Thanks to PG for asking me to contribute a post to De Novo's bar exam symposium. I blog over at Begging to Differ, and practice Internet law with a boutique firm in Seattle. This sometimes includes "spam litigation," which makes for great cocktail party conversation. It's always fun trying to explain to your parents that you sometimes stand up for the rights of people to send unsolicited commercial e-mail. More on that later maybe.
It's been a while since I've taken the bar (once in '97, and again in '98). My most prominent memories of the bar are "hit it and move on" -- the signature phrase of the MBE lecturer [fn1] -- and the heavy breather [fn2].
On the topic of whether the bar should be abolished, I can't think of an improved alternative, and those who advocate its abolition should come up with a better measure beyond law school that tests basic competence. While I, like most others, wholeheartedly agree that the bar exam does not adequately test lawyering skills (interpersonal skills, communication skills, or awareness of ethical standards for that matter), it roots out those that are so lacking in competence that we don't even let them enter the market. So it's better than nothing. Possibly I would add some components to the test, like something that tests research and something that tests formatting skills.
At any rate, the single most important thoughts that can carry you through the bar exams are: (1) if those crazy California lawyers you see advertising on billboards can pass the bar, then so can I; and (2) practice exams – practice exams – practice exams. On that first point, I'm convinced California has the wackiest collection of lawyers out there. A tour through the zoo that is the California bar (read the back of any month's bar publication) should be enough to convince you that, you too, can pass this exam with no problem. Seriously though, the bar is really a measure of whether you can put in the necessary amount of time within the given time constraints, both in studying for and taking the test. In some sense, this approximates a couple of basic skills in the practice of law, being able to actually put in some time and roughly budgeting your time.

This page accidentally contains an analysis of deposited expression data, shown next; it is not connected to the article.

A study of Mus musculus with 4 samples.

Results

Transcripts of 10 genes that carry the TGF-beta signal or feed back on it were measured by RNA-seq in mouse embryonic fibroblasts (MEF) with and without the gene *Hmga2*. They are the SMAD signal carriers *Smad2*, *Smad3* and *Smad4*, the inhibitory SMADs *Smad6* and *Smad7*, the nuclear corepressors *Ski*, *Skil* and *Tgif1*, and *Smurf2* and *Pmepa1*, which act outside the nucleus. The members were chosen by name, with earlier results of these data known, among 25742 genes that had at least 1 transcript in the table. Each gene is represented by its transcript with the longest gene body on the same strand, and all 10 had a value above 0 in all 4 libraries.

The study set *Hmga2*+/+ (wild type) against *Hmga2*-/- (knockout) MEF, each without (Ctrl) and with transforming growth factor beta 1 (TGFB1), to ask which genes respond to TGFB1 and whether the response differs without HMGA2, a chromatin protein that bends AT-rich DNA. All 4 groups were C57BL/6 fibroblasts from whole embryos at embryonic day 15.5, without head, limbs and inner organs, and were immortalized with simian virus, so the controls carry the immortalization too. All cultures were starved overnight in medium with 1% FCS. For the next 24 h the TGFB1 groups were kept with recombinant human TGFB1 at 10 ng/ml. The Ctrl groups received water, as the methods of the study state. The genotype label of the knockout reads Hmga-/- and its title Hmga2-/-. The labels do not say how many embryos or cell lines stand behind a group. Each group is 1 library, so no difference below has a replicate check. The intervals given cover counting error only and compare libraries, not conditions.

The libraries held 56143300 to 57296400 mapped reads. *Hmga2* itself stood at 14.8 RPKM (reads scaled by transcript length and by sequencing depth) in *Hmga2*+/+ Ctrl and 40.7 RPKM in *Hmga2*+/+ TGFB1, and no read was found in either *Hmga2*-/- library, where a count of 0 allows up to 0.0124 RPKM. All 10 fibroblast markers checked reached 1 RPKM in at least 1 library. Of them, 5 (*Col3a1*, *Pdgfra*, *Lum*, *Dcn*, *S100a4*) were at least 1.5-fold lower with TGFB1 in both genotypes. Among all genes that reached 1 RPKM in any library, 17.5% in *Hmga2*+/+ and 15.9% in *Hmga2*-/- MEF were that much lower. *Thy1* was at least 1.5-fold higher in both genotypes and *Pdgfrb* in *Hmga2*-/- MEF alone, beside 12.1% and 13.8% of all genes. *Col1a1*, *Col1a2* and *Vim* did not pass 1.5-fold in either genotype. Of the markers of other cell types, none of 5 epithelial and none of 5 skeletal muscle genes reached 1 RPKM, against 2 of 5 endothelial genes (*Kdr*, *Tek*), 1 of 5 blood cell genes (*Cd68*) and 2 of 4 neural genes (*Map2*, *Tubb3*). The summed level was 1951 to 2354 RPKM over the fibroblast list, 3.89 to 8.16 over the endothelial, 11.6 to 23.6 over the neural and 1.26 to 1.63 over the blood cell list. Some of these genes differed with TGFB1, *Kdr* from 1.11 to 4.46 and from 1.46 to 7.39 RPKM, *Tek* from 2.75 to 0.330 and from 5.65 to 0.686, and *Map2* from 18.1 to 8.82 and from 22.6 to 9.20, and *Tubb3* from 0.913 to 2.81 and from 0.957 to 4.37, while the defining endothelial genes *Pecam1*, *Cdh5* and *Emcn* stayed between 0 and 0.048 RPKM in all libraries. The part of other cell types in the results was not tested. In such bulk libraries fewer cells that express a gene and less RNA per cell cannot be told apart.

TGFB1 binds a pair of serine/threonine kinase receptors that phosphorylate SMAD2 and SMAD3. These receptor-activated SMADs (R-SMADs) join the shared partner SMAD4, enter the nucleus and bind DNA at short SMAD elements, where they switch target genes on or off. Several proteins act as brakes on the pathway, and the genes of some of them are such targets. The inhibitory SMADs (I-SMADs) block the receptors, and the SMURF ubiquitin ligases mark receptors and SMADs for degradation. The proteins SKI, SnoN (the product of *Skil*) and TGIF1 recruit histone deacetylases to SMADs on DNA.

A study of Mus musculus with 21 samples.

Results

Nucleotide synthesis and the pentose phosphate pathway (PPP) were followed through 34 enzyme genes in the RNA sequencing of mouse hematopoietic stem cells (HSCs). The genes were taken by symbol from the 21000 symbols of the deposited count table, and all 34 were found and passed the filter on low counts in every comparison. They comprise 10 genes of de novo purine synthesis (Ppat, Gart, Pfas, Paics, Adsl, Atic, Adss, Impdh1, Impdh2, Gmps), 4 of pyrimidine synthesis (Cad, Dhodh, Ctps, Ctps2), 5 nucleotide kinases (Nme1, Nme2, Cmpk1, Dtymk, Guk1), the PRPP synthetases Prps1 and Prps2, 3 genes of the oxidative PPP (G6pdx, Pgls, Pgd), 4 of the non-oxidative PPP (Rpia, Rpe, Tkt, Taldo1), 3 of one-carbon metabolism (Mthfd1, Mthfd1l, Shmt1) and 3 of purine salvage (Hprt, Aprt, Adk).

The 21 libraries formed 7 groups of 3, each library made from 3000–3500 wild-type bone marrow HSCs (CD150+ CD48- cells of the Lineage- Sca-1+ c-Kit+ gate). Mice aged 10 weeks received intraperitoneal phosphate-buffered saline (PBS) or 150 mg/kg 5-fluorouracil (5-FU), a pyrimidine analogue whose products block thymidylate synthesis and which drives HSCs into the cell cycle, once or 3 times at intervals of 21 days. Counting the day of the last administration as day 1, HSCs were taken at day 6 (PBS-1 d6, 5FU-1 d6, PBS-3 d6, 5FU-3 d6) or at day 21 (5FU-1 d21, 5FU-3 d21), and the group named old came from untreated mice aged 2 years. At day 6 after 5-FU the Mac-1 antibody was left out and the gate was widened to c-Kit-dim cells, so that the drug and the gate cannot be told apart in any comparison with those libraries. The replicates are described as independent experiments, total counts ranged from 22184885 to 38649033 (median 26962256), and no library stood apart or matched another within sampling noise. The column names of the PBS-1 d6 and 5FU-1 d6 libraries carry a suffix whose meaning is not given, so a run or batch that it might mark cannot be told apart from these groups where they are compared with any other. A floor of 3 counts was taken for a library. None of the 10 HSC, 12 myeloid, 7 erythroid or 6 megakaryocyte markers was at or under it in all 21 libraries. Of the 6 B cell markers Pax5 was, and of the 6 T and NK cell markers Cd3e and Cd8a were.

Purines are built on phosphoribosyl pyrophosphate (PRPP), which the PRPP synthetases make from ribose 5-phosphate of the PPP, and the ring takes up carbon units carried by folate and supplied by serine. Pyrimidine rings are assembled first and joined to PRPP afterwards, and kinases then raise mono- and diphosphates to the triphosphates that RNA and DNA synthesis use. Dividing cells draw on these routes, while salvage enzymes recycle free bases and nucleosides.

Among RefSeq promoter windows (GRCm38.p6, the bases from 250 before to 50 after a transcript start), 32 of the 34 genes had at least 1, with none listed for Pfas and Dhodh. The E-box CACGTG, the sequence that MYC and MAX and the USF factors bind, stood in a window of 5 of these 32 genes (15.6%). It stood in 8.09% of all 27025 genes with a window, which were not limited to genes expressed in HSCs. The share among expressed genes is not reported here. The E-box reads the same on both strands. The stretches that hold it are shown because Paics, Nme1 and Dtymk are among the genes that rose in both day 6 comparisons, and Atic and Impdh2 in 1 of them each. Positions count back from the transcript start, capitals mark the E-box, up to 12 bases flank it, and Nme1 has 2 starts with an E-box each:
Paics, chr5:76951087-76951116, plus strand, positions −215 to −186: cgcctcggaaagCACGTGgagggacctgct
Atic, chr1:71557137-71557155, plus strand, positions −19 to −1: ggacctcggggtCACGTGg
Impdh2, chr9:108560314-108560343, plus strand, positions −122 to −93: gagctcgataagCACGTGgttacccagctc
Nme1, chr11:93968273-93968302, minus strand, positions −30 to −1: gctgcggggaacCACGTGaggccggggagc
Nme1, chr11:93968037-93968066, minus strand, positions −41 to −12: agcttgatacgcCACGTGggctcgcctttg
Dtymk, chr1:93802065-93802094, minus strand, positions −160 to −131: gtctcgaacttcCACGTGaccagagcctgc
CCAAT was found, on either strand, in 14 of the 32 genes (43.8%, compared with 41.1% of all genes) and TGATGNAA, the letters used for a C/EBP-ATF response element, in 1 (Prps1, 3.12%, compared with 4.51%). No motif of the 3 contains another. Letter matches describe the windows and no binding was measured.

Have I used any of the knowledge I learned during bar prep or during the exam? Absolutely not. It's foolish to think that the bar-bri provided "black letter law" will come in handy at any point in your law practice. Whatever the level of your practice (whether in-house counsel, big firm lawyer, government lawyer or solo) it's fairly certain that you will never turn to this knowledge of bar-bri black letter law in advising clients or writing briefs, agreements, or letters. I have heard of people consulting their bar-prep books to get them started on a question but most people quickly realize this is not a road you want to go down.
With those comments in mind, I offer my tips:
Laptop/typewriter: As far as the exam itself, I took it when laptops were not so prevalent and trying to use a laptop was more trouble than it was worth. I did, however, use a typewriter. I'm a much faster typist than a writer and my typewritten documents are much cleaner and more readable than anything I scrawl out. This helped because us typists were away from the crowd (anything you do to get away from the crowd is great).
Hotel: I'm not really that comfortable in hotels, unless they are nicer ones, so it wasn't worth the money to stay at a hotel during the bar; I lived one city over in both cases. Unless you are traveling from far out I would not advise it. Besides, you are likely to see a bunch of people taking the bar at the hotel and one thing you really really really want to avoid on Day 2 is the whole "what did you think about question #4," discussion, or the "what's the length of time for adverse possession" discussion.
Food: Food is something that’s worth planning out in advance. I don't remember what I did, but a grumbling stomach during the exam is something you want to avoid at all cost.
The Party: It's also worth planning a nice post-bar trip, even if it's just a night on the town or a jaunt around Europe or Asia. If you can hit a third world country, all the better. Nothing puts the bar exam into perspective like seeing poverty on a large scale.
Working and home-prep: I took the second bar exam while I was clerking and I borrowed the tapes from someone. Listening to the bar-prep tapes on your own is probably one of the most boring activities you will have to endure in your life. Also, there's an added level of stress that comes with taking the exam while you are working. But this experience didn't really dent the pocketbook or take too much time out of the schedule. For a second bar I recommend it.
[fn1] Who supposedly became fabulously wealthy through his bar-prep company, who had taken and passed some 40 different bar exams, and whose kids happened to go to school with OJ's.
[fn2] A prolific bar bri lecturer who just happened to be a loud breather.